UW suicide prevention program instrumental in new state effort

News Archive

UW suicide prevention program instrumental in new state effort

A Washington law passed March 27 requires suicide prevention training for primary-care providers and sets up a provider hotline
Bruce Betz

Suicide prevention in Washington state took a significant step forward March 27 when Gov. Jay Inslee signed House Bill 2315, a bill that requires basic training in suicide assessment, treatment, and management for medical care providers. The bill had passed 94-3 in the House and 49-0 in the Senate of the Washington State Legislature.

The new law has three parts:

  • Requires primary-care professionals, like doctors and nurses, to receive six hours of training in suicide assessment, treatment and management as part of their education requirements
  • Sets up a pilot consultation line for front-line providers treating suicidal patients
  • Creates a statewide suicide prevention plan

Forefront, a suicide prevention program at the University of Washington, was instrumental in this first-of-its-kind state effort. Forefront brings together suicide prevention experts, clinicians, students and loss survivors to advance big-picture changes in public policy, training, and communication about mental health, mental illness and suicide prevention.   
Forefront’s contributions to the bill’s grassroots success included: helping to convene stakeholders to craft the legislation; contributing expert testimony for committee hearings; working with suicide-attempt survivors and those who have lost a friend or relative to suicide to tell their stories, and organizing a lobby day so citizens could explain the importance of suicide prevention face-to-face.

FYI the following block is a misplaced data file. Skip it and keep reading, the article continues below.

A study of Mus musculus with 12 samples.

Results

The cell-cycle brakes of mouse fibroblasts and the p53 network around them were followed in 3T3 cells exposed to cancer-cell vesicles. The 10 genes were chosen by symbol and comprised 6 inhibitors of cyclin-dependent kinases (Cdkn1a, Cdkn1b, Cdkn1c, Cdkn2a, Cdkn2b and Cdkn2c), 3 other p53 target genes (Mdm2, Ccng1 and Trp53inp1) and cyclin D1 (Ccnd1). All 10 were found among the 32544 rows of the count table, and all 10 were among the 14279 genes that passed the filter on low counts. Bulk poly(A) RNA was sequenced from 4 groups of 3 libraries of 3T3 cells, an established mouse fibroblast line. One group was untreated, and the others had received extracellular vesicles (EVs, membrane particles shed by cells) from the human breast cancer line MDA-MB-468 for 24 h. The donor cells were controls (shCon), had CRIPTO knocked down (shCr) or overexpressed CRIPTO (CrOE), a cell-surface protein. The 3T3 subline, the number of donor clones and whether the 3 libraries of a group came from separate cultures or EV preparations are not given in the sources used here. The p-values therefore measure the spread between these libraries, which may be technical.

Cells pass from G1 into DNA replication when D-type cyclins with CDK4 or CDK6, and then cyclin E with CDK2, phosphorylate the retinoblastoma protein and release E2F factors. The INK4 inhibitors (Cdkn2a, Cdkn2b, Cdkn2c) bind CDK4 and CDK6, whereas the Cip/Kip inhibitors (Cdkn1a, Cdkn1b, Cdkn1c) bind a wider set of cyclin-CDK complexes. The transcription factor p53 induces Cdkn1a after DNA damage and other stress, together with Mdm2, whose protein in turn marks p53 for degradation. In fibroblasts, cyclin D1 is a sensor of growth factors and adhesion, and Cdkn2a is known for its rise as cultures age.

The bill’s chief sponsor and tactician, Rep. Tina Orwall (D-Des Moines), who earned her MSW at the UW School of Social Work, describes this bill as the  third prong in the suicide-prevention call for action that started with passage of the Matt Adler Suicide Assessment, Treatment and Management Act, passed in 2012. 

The bill is named for a Seattle lawyer, the late husband of UW School of Social Work faculty member Jennifer Stuber. Adler, who suffered from depression and anxiety, took his life in 2011.  Stuber helped mobilize a statewide coalition of supporters for the bill, and went on to launch Forefront, in collaboration with nationally recognized suicide prevention expert Sue Eastgard.

Watch the bill signing ceremony.  Stuber is in a green dress and is accompanied by her and Adler's two children, who received the signing pens.